Francis Impens is group leader at the VIB-UGent Center for Medical Biotechnology and full professor at the Department for Biomolecular Medicine, Ghent University. He investigates host-bacteria interactions using innovative mass spectrometry-based approaches with the aim to develop novel antimicrobial therapies and vaccines.
Prof. Francis Impens
VIB-UGent Center for Medical Biotechnology; Department of Biomolecular Medicine, Faculty of Medicine and Health Sciences (UGent)
Technologiepark-Zwijnaarde 75, 9052 Gent, Belgium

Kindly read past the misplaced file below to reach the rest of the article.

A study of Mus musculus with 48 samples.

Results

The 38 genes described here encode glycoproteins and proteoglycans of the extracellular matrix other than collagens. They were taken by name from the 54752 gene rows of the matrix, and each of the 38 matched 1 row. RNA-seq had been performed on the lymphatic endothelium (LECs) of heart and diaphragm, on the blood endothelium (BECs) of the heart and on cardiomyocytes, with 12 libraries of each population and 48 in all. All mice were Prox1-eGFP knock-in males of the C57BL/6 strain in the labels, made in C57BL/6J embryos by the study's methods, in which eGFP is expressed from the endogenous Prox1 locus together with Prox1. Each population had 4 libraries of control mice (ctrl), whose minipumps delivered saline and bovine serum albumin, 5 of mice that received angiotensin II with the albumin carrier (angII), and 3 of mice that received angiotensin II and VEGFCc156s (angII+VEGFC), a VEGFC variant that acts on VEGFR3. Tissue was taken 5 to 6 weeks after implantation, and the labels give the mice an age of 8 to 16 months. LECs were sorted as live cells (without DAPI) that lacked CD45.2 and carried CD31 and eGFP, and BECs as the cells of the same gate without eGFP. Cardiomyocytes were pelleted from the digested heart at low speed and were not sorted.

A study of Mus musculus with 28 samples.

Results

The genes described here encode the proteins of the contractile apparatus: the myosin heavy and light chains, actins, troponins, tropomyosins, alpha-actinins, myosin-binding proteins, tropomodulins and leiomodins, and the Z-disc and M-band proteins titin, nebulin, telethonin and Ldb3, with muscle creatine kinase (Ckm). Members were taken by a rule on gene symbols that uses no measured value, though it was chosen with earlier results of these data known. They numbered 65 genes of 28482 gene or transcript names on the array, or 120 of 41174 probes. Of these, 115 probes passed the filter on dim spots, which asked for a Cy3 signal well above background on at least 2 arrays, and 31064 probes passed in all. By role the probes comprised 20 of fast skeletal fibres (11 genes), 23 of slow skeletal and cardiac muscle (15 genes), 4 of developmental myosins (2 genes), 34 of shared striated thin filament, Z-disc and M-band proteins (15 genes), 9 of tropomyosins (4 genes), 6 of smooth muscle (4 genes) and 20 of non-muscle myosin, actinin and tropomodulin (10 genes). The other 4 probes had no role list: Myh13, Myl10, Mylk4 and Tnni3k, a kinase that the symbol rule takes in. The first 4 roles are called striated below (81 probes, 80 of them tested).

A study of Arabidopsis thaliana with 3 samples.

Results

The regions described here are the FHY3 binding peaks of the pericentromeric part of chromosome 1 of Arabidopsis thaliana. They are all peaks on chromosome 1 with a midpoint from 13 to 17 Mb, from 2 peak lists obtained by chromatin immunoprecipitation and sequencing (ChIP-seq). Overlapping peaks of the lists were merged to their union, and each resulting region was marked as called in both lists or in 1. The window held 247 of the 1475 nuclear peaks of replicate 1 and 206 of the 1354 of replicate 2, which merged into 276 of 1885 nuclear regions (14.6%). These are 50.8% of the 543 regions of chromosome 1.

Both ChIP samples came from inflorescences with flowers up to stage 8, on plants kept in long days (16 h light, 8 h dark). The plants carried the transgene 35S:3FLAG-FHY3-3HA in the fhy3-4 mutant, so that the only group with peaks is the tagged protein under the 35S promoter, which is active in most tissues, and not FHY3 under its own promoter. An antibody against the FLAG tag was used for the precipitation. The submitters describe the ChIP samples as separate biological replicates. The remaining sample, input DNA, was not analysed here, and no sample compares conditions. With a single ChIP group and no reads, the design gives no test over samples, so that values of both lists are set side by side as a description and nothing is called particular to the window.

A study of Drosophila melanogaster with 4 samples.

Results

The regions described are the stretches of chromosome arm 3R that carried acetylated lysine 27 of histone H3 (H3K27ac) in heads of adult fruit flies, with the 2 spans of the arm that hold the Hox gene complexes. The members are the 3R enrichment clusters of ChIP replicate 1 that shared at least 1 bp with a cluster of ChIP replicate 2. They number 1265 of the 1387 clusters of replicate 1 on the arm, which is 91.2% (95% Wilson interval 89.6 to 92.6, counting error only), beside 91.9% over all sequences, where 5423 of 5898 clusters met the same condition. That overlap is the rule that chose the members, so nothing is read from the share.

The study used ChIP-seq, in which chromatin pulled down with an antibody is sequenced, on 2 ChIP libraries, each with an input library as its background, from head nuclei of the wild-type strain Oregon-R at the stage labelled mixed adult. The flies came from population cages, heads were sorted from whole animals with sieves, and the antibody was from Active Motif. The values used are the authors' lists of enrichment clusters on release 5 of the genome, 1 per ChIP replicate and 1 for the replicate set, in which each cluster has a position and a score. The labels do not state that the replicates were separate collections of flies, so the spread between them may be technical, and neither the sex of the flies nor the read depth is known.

With increasing antibiotic resistance, bacterial infections remain an important threat to human health. To identify novel targets for therapeutic intervention our group investigates host-bacteria interactions by innovative mass spectrometry (MS)-based approaches. Using Listeria monocytogenes as an intracellular bacterial model pathogen, we focus on the analysis of ubiquitin-like protein modifications of the immune system and the MS-based identification of novel bacterial antigens. A first line of research focuses on ISG15. ISG15 is a ubiquitin-like protein that is well known to counteract viral and bacterial infections, but the underlying molecular mechanisms are poorly understood. In contrast to ubiquitin and SUMO, the ISG15 substrate repertoire is largely unknown and no binding domains or interaction motifs are described that recognize ISG15. As a consequence, the fate of proteins modified by ISG15 (“ISGylated proteins”) inside infected cells is unknown. We develop novel proteomics-based strategies to identify target proteins and conjugation sites of ISG15 that will help to further elucidate the role of ISGylation in the host defense against infection. Secondly, we focus on the analysis of antigenic peptides during infection. Although many aspects of the MHC presentation pathway are known in great detail, the rules for peptide selection remain largely unknown. We develop robust pipelines for the LC-MS/MS identification of antigenic peptides presented on infected cells, a technology called immunopeptidomics. Newly identified epitopes and antigens are encoded in novel bacterial mRNA vaccine formulations.